Managing anger and abusive behaviours
This factsheet is for people who struggle to manage feelings of anger appropriately, and/or who have behaved violently and abusively towards their partner.
Anger is a feeling/emotion which can be good, bad, or neutral. It is different for everyone, but it can arise when we feel we can’t control things that are happening around us, or we have been wronged by someone close to us.
What really matters is how we express our anger, what impact it’s having on others and on our wellbeing, and whether it blocks our ability to experience and express other emotions.
Anger is usually an uncomfortable emotion, which hides other emotions.
Anger is not the cause of domestic abuse.
Everyone feels angry sometimes, but the key with any feeling is how we express it it and how our feelings affect people around us negatively, particularly our partner and children.
When you feel that you have been wronged by your partner, or are angry at something they have (or haven’t) done, you need to be able to stop yourself from using abusive and violent behaviours. Up until the moment you are violent and abusive, you always have the choice to act differently.
Putting strategies in place to manage your anger in a healthy way, is the first step in a process that can help you stop the anger from escalating in violent or abusive behaviour.
This section will help you become more aware of when you may be starting to feel angry and you’re getting into a situation when you may become abusive towards your partner.
The more you become aware of your ‘warning signs’, the easier it will be to stop becoming abusive. Think of ‘warning signs’ as the symptoms of your anger. When you notice the ‘warning signs’ of anger and could become violent or abusive, do something about it.
Sore points are typical situations when you’ve felt angry and then been abusive in the past. Sore points make people feel uncomfortable and they prefer to avoid talking about them or remembering what happened.
Examples might include conflicts over money, relatives, friends, sex, children, or who is right about something that happened in the past.
Think: what are your sore points?
Think: what happens in your body when you begin to feel angry?
Some people feel tension in their stomach/shoulders/neck/jaw, changes in their breathing and heart rate. Other people may feel angry but not show any physical signs of anger.
Think: how do you behave when you’re angry?
Physical sensations provide us with vital warning signs (or ‘alarm bells’) that we’re building up towards abuse. Body language can send messages that you are angry in a range of ways: it could be in the way you sit, the tone of your voice, how you move, your facial expressions, going quiet, sighing, tapping your foot.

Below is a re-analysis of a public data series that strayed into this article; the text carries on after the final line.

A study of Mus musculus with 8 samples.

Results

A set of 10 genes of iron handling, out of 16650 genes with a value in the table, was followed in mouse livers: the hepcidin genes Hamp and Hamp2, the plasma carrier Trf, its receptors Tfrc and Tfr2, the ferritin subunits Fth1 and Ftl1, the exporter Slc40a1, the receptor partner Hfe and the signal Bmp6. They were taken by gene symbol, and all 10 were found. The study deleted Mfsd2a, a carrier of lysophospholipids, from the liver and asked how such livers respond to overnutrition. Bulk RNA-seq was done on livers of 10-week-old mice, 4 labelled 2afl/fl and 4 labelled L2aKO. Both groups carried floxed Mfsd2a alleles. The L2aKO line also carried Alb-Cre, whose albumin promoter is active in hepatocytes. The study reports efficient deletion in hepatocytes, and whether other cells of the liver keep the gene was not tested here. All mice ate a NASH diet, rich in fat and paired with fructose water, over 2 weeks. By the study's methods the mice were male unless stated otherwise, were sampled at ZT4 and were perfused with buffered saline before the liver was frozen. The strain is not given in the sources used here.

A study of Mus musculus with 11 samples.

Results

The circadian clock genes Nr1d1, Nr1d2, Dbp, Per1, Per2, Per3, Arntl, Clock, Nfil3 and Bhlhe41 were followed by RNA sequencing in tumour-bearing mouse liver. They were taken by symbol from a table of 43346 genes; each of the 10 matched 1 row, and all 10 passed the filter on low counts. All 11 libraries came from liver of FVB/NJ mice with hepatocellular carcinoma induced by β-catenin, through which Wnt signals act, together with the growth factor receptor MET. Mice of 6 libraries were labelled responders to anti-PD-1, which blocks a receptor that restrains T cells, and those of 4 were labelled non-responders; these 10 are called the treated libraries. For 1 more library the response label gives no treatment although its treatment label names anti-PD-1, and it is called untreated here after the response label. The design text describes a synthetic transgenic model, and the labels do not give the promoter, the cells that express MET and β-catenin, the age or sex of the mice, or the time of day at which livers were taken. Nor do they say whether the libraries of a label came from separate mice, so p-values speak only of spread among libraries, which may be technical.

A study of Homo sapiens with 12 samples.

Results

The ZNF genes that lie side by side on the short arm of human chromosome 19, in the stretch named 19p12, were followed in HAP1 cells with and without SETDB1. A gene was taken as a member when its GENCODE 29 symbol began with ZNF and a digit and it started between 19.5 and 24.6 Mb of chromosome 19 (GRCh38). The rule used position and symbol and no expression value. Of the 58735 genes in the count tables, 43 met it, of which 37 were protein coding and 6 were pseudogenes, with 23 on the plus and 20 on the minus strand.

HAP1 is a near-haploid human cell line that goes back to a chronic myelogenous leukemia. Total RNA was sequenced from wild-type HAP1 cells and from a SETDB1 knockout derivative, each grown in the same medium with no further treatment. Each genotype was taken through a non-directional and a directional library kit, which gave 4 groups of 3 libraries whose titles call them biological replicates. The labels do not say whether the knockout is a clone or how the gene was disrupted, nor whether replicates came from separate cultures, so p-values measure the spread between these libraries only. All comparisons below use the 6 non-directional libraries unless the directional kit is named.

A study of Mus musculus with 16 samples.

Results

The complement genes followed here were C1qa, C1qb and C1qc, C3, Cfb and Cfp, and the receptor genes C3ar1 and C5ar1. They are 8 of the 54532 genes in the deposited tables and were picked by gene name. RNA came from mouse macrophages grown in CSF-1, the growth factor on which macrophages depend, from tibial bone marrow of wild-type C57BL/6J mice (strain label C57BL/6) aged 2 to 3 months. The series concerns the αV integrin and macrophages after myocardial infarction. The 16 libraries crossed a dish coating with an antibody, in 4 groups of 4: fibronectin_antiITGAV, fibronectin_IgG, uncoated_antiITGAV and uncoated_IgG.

Think: if you looked at yourself in a mirror what would you see?
Think: that do you think when you feel angry?
Some people wind themselves up, thinking negative things about their partner or trying to justify their abusive behaviour. This is negative self-talk.
You might be thinking ‘they’re doing this deliberately to wind me up’, ‘they are so stupid’, ‘they never listen to me’.
It may be helpful to make a note of the negative thoughts/typical thoughts you have as you build towards being violent and abusive.
Also note the things you don’t think about, such as how your partner might be feeling, reflecting on your partner’s good points, and listening to what they say. These thoughts combat your negative thoughts.
Remember, it’s never too late to make a different choice. You can make a positive choice and walk away. Right up to the moment you are violent or abusive, you can choose to do otherwise.
Think: what are you really feeling?
When we express our anger, we often forget that there may be a whole range of feelings that we experience on the inside – the feelings that fuel our anger.
These may be vulnerable feelings about ourselves that are difficult to cope with, such as sadness, powerlessness or guilt. We tend to direct rage and anger towards other people. That is why anger is easier to feel and tempting to act on: it makes us feel powerful in the moment, but it’s also more destructive.
When you are feeling angry, ask yourself what you are feeling angry about and try to identify the hidden feelings that fuel your anger. You may be feeling hurt, inadequate, embarrassed or something else.
Think about times in the past when you felt angry and became abusive. Try to identify what hidden feelings you were experiencing. This process can help you stop being abusive in the future.
Remember that these feelings are unpleasant, but they do not cause violence. You will have dealt with those feelings many times in your life and chosen not to be violent or abusive.
Time-out is a technique to help you stop being violent towards your partner. It has specific steps and you should use it with care and thought, and in collaboration with your partner.
To learn how to use a guided time-out, visit the Respect Phoneline website or ask a Respect Phoneline Advisor to help you understand what to do.
If you don’t feel able to stop your violence and abuse you should think about moving out the house and not seeing your partner for a while. It’s the only way to keep your partner and children safe.
We will listen to you in a non-judgemental way, discuss your situation and help you think about how to change. We can give you contact details for a domestic abuse prevention programme, if there is one in your area. Our helpline is confidential.